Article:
Heisman Trophy winner Reggie Bush voiced strong concerns over the NCAA's recent support of a player endorsement plan, saying that paying college athletes for their names and likenesses is "going to destroy some people."
Bush, whose outstanding career at USC was marred by his eventual forfeiture of the 2005 Heisman Trophy, touched on the subject of paying college athletes during a recent interview with Playboy.
The NCAA's board of governors announced last month that it supports a proposal to allow college athletes to sign endorsement contracts and receive payment for other work, provided that the schools they attend are not involved in any of the payments.
"Guidance is the one thing that young athletes coming through the college system miss on so much," Bush told Playboy. "I missed on it. They're about to start paying college athletes. This is something that has never been experienced before, and it's going to destroy some people if their foundation is not in the right place."
The NCAA says athletes will be allowed to appear in advertisements and can reference their sport and school, but they would not be able to use school logos or branding in those advertisements.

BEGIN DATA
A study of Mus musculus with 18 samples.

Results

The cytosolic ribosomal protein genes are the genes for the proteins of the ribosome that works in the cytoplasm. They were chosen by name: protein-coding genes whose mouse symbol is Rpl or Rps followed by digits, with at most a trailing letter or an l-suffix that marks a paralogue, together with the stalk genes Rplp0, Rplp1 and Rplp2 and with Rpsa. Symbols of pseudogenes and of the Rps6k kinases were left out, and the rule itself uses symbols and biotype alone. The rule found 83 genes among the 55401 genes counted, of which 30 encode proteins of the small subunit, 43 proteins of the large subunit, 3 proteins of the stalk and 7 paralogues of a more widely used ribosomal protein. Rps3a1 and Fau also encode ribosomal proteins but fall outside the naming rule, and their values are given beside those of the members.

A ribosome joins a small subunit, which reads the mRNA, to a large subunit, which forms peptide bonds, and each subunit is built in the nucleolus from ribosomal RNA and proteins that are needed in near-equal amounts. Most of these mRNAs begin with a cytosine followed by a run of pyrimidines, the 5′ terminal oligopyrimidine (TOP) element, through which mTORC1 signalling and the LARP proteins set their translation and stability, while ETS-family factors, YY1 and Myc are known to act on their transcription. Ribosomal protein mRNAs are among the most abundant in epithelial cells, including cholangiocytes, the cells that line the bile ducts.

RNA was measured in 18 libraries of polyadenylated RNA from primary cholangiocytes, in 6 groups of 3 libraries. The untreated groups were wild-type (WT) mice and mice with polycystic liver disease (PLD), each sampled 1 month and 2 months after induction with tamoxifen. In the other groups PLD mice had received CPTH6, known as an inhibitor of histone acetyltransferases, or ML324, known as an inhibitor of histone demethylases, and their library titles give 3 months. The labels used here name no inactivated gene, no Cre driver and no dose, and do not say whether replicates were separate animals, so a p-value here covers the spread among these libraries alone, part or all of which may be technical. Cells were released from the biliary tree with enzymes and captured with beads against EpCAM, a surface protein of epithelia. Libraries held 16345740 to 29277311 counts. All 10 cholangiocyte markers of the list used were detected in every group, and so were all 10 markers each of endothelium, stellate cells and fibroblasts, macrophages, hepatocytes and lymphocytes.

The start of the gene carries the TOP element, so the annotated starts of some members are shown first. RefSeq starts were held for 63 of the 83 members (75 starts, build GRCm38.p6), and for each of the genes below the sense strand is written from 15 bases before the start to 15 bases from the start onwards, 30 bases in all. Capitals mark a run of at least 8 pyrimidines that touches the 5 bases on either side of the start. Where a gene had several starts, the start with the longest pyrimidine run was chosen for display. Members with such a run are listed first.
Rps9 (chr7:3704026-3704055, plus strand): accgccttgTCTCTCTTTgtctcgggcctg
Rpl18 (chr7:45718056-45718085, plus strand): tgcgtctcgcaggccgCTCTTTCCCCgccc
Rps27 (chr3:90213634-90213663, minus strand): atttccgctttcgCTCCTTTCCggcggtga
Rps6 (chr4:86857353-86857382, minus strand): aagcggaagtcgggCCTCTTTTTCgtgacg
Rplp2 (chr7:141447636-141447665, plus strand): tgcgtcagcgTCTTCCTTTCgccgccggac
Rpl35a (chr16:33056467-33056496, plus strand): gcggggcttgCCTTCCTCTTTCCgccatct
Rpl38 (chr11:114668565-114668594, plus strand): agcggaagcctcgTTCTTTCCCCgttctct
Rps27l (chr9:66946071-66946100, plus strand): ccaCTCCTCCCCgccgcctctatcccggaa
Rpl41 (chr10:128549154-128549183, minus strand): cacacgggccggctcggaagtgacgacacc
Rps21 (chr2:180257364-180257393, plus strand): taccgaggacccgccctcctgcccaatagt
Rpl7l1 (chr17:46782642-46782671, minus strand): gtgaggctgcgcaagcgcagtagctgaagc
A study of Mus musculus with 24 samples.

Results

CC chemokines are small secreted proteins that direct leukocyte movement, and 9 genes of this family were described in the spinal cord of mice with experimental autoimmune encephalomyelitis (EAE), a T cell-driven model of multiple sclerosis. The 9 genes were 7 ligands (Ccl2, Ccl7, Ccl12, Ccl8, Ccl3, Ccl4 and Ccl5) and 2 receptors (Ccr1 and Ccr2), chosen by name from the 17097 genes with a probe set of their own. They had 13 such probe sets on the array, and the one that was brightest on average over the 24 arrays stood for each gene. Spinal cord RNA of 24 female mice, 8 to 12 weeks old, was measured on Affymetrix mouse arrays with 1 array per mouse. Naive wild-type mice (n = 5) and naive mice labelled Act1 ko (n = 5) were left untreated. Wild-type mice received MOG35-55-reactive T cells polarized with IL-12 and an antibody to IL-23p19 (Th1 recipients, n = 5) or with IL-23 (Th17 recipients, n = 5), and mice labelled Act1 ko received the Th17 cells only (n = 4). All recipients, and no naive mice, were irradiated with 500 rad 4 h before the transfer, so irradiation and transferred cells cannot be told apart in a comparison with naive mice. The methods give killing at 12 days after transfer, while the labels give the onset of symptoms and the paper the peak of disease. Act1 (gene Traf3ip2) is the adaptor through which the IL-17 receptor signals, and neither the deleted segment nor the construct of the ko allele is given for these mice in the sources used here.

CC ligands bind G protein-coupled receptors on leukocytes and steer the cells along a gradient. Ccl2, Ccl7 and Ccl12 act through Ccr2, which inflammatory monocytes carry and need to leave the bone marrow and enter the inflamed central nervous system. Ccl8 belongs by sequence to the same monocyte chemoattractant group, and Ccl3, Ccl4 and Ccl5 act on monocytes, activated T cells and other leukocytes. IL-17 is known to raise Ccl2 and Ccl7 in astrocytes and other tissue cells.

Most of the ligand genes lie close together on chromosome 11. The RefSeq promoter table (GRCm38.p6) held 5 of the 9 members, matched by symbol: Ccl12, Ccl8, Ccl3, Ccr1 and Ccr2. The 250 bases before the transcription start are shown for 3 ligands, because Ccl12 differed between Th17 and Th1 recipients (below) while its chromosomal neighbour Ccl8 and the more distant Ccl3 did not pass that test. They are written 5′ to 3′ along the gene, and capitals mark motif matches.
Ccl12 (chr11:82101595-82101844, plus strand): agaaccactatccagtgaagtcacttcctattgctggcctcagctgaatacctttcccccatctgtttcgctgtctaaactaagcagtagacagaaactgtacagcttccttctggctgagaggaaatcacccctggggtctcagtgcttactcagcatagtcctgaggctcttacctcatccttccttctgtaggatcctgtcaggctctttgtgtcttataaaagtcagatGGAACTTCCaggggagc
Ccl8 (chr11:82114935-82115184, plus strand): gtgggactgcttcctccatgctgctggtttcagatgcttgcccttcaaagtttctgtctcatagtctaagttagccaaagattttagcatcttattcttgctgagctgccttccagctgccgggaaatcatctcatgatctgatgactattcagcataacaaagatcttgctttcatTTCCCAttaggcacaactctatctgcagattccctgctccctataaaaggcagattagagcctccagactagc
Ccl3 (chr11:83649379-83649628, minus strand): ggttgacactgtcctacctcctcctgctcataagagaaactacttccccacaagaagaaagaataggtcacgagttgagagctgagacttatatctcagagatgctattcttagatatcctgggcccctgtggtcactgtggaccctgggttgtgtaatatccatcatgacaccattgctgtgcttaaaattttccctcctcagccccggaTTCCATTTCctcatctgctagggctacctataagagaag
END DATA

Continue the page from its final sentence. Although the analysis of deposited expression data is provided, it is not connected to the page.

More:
A formal proposal for the new rules is scheduled to be submitted no later than October to the NCAA board, which will vote on the proposal no later than January 2021.
Bush, 35, was a two-time All-America running back at USC and helped the Trojans win back-to-back national titles in 2003 and 2004. He won the Heisman as a junior in 2005 but decided to forfeit the award in 2010 after the NCAA concluded that Bush and his family had improperly accepted cash and gifts from sports agents while he was playing for USC.
Bush retired from football in 2017 after an 11-year NFL career. He told Playboy that athletes, specifically well-paid athletes, are an "open target" and cited the widespread financial uncertainty caused by the coronavirus pandemic, saying "our market is crashing."
"The one thing I wish I had early in my career is proper financial knowledge," Bush said. "I hired good agents, and I hired a good team. But I allowed that good team to make decisions for me. I'm not saying I'm going bankrupt, but if I had the proper knowledge back then, some things would be different.
"People just assume, 'Well, you got all this money, so you're good.' It's actually the opposite. The more money you have, the more danger you're in, because now you're a freaking open target for a lot of people. It's a nasty world out there, and it's about to get nastier. You're going to really start to see the true colors of a lot of people, and a lot of businesses too. You're going to see people doing some crazy stuff to make money, because our market is crashing."